While thatgamecompany's three game deal with Sony produced three financial and critical successes, studio co-founder Jenova Chen admits that platform exclusivity was something that held them back from their true aspirations. "A lot of people tell us that flOw or Flower is the first game that their girlfriend, or mom, has played," proof that TGC's emotional experiences can attract new audiences. Still, with "over 90% male distribution" on PlayStation hardware, TGC wants to broaden its horizons.
"We just want to bring these games to the people. For us, we can make a good game on any platform, but we'd like to choose platforms on which we can deliver an experience that we can give to everyone, rather than just people that have a PlayStation 3. I think Sony understands that desire."
The studio announced their independence shortly before releasing their last game, Journey. And they're already working on their next game, largely rumored to be an online title. Chen wouldn't reveal what business model TGC's next game will employ, but we did have a lengthy discussion on the burgeoning free-to-play movement. Describing it as a "more powerful and flexible business model," he notes that free-to-play has the greatest chance of reaching the largest audience--a key goal of TGC. Unfortunately, "people started exploiting this model. They designed all these tricks to make people spend a lot more money without more quality. And that's what's turning people off."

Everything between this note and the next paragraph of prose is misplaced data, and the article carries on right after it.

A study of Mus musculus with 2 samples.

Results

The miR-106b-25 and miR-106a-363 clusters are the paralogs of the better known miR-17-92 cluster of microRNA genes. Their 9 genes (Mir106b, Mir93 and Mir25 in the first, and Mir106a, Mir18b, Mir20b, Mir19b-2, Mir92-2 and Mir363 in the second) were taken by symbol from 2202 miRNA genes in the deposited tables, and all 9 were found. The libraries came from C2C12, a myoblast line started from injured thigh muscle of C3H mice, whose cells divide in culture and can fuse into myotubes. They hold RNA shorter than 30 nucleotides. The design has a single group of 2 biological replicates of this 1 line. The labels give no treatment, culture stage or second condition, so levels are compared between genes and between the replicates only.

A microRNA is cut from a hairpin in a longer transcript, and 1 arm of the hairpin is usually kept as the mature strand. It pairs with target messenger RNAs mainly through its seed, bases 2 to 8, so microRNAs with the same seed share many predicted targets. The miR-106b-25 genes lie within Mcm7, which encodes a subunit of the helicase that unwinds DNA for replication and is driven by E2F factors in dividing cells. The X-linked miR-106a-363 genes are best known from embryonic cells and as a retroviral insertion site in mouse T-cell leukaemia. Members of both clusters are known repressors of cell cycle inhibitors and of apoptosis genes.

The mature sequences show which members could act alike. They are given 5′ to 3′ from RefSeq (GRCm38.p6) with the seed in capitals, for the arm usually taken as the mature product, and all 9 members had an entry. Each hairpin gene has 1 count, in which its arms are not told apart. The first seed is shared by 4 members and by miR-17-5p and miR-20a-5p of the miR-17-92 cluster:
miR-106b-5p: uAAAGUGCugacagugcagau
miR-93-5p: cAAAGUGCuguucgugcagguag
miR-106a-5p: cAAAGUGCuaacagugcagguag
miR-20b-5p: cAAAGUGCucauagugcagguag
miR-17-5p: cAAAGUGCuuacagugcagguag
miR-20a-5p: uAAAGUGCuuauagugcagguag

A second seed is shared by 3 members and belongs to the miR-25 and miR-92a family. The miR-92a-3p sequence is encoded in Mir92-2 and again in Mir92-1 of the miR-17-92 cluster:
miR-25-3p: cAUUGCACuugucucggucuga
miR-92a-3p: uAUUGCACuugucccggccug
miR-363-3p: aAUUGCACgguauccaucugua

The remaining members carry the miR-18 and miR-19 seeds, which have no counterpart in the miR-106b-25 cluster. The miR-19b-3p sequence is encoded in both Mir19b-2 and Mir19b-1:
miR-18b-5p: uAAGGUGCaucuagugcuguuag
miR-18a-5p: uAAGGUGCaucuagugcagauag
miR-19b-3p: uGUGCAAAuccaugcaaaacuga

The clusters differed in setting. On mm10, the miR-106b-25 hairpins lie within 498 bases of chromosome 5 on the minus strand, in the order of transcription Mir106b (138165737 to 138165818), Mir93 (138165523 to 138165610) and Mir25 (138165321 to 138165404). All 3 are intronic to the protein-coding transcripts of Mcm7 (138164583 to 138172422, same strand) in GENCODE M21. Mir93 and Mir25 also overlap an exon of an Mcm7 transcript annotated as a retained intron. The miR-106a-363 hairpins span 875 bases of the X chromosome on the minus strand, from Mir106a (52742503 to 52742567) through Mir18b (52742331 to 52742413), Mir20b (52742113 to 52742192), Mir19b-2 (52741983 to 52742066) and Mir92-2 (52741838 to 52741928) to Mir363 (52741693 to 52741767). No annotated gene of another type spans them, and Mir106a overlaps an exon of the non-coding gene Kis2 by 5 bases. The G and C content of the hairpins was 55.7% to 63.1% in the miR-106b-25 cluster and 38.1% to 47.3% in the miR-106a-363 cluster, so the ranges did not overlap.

"But this is a business opportunity for me. In the vast ocean of games out there in the marketplace, there's a lot of viciousness." Chen believes he and his team can do things differently.
"Players are the most important people to me. They give me a purpose. I want to make sure that players that play our games find it valuable. It's something that helps them, not exploit them. I believe if we design our game with that in mind, you can sense it. Maybe you can't describe it, but you can feel it, and that's something that's so needed in the market."